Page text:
A friend I knew in high school recently appeared on The Late Show with Stephen Colbert thanks to his own initiative and antics. I suggest thinking about how the significance of his spontaneous celebrity selfies can inform how we understand our metrics for tracking member engagement.
Selfie Guy keeps a Facebook photo album of spontaneous celebrity selfies—and he’s snapped with some of the most celebrated, from New York Mayor Bill DeBlasio to former US President Bill Clinton. So when he was walking down the street and saw Stephen Colbert stopped in his car with the window down, he poked his head inside and selfied (photo courtesy of Will Harrel). That earned him an invitation to the Late Show.
It’s a fun activity for Selfie Guy and shows his friends who he meets—but does he actually “know” those people? Selfies have become a proxy to indicate relationships. Maybe he does know lots of famous people—yet maybe he doesn’t. His list of celebrity selfies doesn’t actually tell us. Counting his selfies per year is possible, but does not actually measure the depth of his relationships. Is association member engagement scoring ever like that? Measured and celebrated even though it doesn’t tell us the actual status of a relationship with a member?
Allow me another example that can inform our thoughts on measuring member engagement. Selfies are just the digital age expression of old-time autographs. As a Texas kid, my baseball glove had Roy Oswalt, Craig Biggio, Jeff Bagwell—the pantheon of Astros greats—signed with a Sharpie. That didn’t mean I knew them better, even though I had more autographs than all my friends. It just meant I was better at persuading my dad to take me to the game two hours early so we could stand by the dugout. When autographs were first collected in the 1700s, they meant you had a relationship with someone—they wrote you a letter and signed it! Autographs as a statement and a metric have shifted dramatically in significance and meaning. In our associations, do we still use metrics that were great in 1993 but aren’t relevant today?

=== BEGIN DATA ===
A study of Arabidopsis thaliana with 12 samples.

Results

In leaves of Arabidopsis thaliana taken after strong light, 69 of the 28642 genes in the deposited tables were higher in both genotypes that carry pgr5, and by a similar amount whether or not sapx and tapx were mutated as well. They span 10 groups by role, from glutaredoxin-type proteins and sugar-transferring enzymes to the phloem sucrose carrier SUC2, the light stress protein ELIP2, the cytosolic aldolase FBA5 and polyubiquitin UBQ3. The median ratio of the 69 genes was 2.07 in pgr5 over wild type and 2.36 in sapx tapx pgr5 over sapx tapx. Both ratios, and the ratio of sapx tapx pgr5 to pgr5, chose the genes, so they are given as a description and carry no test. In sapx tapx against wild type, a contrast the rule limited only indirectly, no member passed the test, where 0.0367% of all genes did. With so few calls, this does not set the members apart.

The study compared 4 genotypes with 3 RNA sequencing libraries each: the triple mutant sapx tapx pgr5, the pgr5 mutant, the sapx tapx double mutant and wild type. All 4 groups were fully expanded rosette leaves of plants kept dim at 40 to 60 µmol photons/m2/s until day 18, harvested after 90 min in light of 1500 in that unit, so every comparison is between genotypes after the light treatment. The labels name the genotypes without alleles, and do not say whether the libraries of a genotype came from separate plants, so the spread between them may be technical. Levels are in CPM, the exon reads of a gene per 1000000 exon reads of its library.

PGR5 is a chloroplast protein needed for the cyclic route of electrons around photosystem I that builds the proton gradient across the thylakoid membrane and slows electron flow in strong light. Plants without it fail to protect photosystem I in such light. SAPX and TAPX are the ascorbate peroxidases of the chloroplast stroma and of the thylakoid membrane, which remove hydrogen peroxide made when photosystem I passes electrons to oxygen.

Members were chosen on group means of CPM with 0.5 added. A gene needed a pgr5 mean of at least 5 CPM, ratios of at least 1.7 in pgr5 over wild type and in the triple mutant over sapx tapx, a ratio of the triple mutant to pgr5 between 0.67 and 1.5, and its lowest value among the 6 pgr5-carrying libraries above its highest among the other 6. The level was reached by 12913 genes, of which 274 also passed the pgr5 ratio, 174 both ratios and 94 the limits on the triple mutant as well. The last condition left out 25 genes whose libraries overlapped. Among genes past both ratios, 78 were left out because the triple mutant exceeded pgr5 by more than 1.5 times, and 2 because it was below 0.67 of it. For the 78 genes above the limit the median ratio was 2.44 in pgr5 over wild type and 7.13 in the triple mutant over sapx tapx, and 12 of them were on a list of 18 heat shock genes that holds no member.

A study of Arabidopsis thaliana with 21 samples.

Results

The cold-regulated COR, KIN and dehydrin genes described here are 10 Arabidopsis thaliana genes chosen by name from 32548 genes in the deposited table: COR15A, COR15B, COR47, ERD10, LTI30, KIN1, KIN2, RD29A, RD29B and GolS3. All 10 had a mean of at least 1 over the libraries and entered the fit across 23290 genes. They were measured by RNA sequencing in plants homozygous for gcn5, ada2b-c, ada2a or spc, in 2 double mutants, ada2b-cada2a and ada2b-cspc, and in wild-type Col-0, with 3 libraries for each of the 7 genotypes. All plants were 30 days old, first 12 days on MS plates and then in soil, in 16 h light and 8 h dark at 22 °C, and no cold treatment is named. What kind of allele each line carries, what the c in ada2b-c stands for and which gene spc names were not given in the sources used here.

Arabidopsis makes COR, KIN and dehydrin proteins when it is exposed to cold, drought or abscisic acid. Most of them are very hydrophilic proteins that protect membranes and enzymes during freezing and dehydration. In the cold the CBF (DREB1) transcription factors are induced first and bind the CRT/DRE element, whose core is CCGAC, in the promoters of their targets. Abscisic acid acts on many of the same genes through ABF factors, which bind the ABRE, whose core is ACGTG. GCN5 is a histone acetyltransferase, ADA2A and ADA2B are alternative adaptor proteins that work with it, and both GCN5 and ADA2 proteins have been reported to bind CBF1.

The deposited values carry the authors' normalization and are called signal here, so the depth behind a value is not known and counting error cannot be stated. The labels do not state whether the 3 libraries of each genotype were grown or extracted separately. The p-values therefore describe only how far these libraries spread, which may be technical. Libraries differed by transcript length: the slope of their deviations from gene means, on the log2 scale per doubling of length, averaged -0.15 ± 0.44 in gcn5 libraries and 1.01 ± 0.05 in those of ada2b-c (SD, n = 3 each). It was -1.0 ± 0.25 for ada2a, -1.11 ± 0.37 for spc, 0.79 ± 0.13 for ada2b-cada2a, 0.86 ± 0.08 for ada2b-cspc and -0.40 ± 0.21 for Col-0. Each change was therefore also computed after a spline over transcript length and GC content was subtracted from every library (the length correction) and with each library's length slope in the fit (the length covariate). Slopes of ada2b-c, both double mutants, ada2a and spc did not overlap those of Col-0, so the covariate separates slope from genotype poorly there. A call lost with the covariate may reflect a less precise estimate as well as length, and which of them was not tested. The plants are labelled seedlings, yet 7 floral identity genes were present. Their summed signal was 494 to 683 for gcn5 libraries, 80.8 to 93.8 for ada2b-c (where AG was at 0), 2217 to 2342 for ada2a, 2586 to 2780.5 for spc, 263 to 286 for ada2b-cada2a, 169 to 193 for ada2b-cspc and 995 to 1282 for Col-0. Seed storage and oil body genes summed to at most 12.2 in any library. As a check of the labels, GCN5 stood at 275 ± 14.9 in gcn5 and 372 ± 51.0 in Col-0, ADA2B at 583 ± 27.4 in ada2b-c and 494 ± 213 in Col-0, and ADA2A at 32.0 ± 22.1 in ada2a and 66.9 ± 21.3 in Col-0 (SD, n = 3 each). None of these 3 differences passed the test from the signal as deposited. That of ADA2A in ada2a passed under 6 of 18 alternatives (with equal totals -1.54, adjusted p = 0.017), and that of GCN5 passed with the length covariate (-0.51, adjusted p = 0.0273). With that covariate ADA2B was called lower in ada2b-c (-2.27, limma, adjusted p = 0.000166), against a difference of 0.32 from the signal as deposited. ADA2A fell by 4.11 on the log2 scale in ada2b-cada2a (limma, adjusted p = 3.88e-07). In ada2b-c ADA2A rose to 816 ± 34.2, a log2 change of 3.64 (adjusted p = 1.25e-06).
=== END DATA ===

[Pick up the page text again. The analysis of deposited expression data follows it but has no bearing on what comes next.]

Peter Drucker, the great management consultant of the 20th century, is credited with the maxim “What is measured is improved.” That insight means what and how you measure member engagement has profound, yet often unseen, effects upon an association. What can a Colbert selfie or an autographed baseball mitt teach us about member engagement?
- It can be easy to measure something that looks and sounds cool, but doesn’t provide you with actionable intelligence
- It can be easy to game an established metric
- Out of date metrics don’t help your organization make good decisions anymore
1. Measure engagement that gives you actionable intelligence.
This often means measure to align with your association’s priorities. If Selfie Guy just wants to show he’s cool with the likes of Colbert, counting his celebrity selfies can be a good metric. If we want to know how much influence he has with those celebrities, we need to collect different data on his relationships. Just like it’s important to have the right tools for the job, it’s important to measure the right thing for your association and its priorities.
2. Don’t “game” your metrics.
With my autographed baseball mitt, I didn’t play any better than the other kids in Little League. But I could brag about all those autographs. I didn’t know more pro-baseball players or learn more baseball technique, I just knew how to get autographs. This is a trap your association staff can also fall into. Do you know how to spike open rates on a few emails the CEO cares about, but that doesn’t actually translate into more phone calls to lobby congressmen? Do you look at the membership renewal rate but ignore its manipulation by your autorenew membership category you added three years ago? You’ll have the most success with member engagement when you’re the most honest with yourself about what your data says.
3. Out-of-date metrics are for last decade’s decisions.
Just as the significance of autographs have changed over the past 300 years, you shouldn’t be measuring member opinion by out-dated methods anymore. Even if you have a digital measurement in your membership software, don’t “set and forget.” You must continually revisit this to keep it relevant. That is especially true for associations faced with complex challenges.
As we have said before, “Engagement implies the mutual exchange of value between an association and its members; the central focus of what associations are all about.” For something that important, you need a comprehensive, thought-out strategy that honestly evaluates what you measure and how you measure it.